Here’s a fascinating little video, plus some additional thoughts about art, science, and creativity below. This is so much more than folding little paper cranes. Robert Lang talks about the intersection of art and mathematics, and shows how “problems that you solve for aesthetic value only, turn out to have an application in the real world.” Not to mention some mind-blowing designs.
Lang’s eighteen-minute TED talk is fast paced, lively, and funny. Here are some highlights:
People think they know what origami is, but it’s gone way beyond the simple toys and cranes. But no matter how complex it is, the common theme to it is “folding is how we create the form.” Though it’s hard to believe when you see his work, everything Lang shows is made from a single sheet of paper, no cuts.
Origami has been around for centuries. “You’d think that everything that could be done has been done long ago, but that’s not the case.” What changed? Math — specifically its application to complex problems of origami. This has revolutionized the art, allowing for complex, 3-D designs that were considered impossible before.
Lang says, “The secret to productivity in many fields, including origami, is letting dead people do your work for you. Because what you can do is take your problem and turn it into a problem that someone else has solved and use their solution.”
Lang explains four simple laws that encapsulate all of origami’s possibilities. Just four laws — yet they can produce vast complexity.
Art alone would justify the effort, but it turns out that origami has real-world applications… and here not only is Lang blurring art and math, but art becomes engineering as well. He describes a proposed space telescope with a lens 100 meters in diameter, a heart stent, and automotive airbags. In each case engineers need something small for transport that becomes large for use — and each problem is solved by an origami design that began as art.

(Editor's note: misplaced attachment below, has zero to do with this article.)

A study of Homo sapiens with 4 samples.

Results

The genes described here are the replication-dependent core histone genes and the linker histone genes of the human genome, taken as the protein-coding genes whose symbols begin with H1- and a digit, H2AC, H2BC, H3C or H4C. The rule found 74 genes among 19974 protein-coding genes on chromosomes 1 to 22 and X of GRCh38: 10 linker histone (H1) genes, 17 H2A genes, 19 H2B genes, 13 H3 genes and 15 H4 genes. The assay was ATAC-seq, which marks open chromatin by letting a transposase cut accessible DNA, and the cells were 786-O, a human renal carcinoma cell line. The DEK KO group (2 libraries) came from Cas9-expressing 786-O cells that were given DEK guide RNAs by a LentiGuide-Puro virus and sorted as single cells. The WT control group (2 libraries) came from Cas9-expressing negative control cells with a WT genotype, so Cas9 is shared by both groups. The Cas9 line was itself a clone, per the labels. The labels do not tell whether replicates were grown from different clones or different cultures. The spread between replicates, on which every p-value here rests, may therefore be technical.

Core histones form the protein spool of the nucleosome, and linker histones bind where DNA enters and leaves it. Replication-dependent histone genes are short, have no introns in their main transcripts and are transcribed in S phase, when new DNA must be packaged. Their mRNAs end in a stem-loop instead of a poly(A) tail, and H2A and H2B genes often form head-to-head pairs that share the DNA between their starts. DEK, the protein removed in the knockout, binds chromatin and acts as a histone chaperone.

In origami as in mathematics, “problems that you solve for aesthetic value only, turn out to have an application in the real world.”
A few thoughts in response:
Just four simple laws to produce vast complexity and beauty? Yes, this is something we find again and again in nature. Lang mentions the laws of quantum mechanics, which are (and I’ll take his word for it) simple enough to state, though their implications are so vast that only specialists can begin to comprehend the field. Another example he doesn’t mention: natural selection is a relatively simple algorithmic process which, over evolutionary time, produces a planet-full of biological “design.” Or fractal images. Or weather. It turns out that one of nature’s great surprises (and here’s your dose of awe for today) is that complexity can have surprisingly simple roots.
Second, I love the way Lang transgresses the boundaries the separate art, math, and engineering. I think “arty” people often think that the math and science people aren’t creative, or that art is about instinct and passion while math and science exist in the barren land of Just the Facts, Ma’am. But in fact, the best creative environments seem to be those in which people get out of their cultural and professional silos and learn from people in other fields.
And that’s one reason, by the way, why I — a writer and editor — devote most of my blog to art, music, science, and nature, and rather little to writing about writing. Because what I’m really blogging about is what we can do to cultivate the kind of mind from which to write and create. I don’t know if Robert Lang is a writer, but I think he’d understand that.